Although 26-year-old Joseph Hagerty has not competed at a World Championships, his upward surge in the American rankings this year have earned him a place on the U.S. team heading to the Olympic Games in August.

Hagerty was named to the U.S. Olympic team following a pair of top-three all-around finishes in the key American competitions of 2008. He placed third all-around and first on high bar at the U.S. (Visa) Championships in Houston in May; and second all-around, first on floor exercise and first on high bar at the U.S. Olympic Trials, held in Philadelphia in June.

Hagerty's previous best results were fourth all-around at the 2005 U.S. Championships, and third place with the U.S. team at the 2007 Pan American Games.

Born April 19, 1982, in Albuquerque, Hagerty trains at the U.S. Olympic Training Center in Colorado Springs. He represents Team Chevron, and is coached by Vitaly Marinitch and Alexander Shchennikov.

In this IG Online interview, Hagerty details the practical approach he is taking to his Olympic debut.


IG: Going into Trials, what did you consider to be the positive factors, as well as negative factors, in your candidacy for a spot on the Olympic team?

JH: Going into trials I thought going 12 for 12 and being in the top five on three events, and taking third in the all-around (at the Visa/U.S. Championships), were my positive factors. Winning high bar (at USAs) always helps. The negative was being so weak on pommels and rings.

IG: Right after your last routine at the trials, how realistic did you think your chances were to be put on the team?

JH: Finishing second in points and winning high bar and floor, I thought my chances were pretty good.

IG: How did you pass the time between the end of the trials and the team announcement?

JH: I went out to dinner with my family and hung out with friends, and played Final Fantasy II, an online game I play a lot.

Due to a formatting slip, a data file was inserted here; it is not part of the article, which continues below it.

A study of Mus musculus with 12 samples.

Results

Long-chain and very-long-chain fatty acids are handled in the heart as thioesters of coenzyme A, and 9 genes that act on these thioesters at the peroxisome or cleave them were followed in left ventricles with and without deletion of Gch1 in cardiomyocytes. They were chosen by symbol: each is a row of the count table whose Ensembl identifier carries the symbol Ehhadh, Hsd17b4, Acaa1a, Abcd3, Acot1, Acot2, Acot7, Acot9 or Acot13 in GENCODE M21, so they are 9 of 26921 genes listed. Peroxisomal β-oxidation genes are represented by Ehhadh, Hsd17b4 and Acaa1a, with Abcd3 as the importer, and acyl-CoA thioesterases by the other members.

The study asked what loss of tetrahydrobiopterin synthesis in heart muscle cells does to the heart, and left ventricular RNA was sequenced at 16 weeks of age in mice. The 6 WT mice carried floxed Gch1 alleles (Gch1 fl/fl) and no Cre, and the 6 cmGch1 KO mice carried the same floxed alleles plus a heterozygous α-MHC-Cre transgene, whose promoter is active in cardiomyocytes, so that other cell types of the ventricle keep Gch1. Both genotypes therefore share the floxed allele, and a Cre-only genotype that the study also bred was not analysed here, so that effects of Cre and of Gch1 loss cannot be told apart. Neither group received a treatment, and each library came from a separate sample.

IG: As an all-arounder, how much do you think the team format, and especially the team selection process, hurts you?

JH: Well, I don't really consider myself as an all-arounder, because I'm strong on four events and really weak on two. I kind of do horse and rings just to do them.

IG: What are your feelings on the team selection process in general?

JH: I don't really have an opinion on the selection process. I just like to do gymnastics and let the cards play, and hopefully I (will) have done enough to be selected.

IG: What are your personal expectations for Beijing?

Joseph Hagerty

JH: My expectations are to do what I do best — go out there and do my routines the best that I can do them.

IG: How has the level of training intensity changed, from USAs to Trials, and in the training period from now till Beijing?

JH: It has not changed at all. I'm just going to consider this like any other competition and train as hard as I can.

IG: The other men on the team have World Championships and/or Olympic experience. How are you preparing to cope with the Olympic experience?

JH: I have lots of experience in competitions like Pan Am Games and World Cups, so I'm just going to treat this as nothing special, even though it's the biggest meet of my life! I like to think of it as me doing just one more routine that I have done 1,000 times. It should not matter where (I do it).

IG: Now that you have had a little time to bond with your Olympic teammates, how would you describe them?

JH: I have known these guys for so long, I consider everyone of them like a brother.

IG: How much further do you think you can progress, even if the Beijing Olympics was your ultimate goal?

JH: I love to be challenged, so I think I could progress far enough to get any goal accomplished.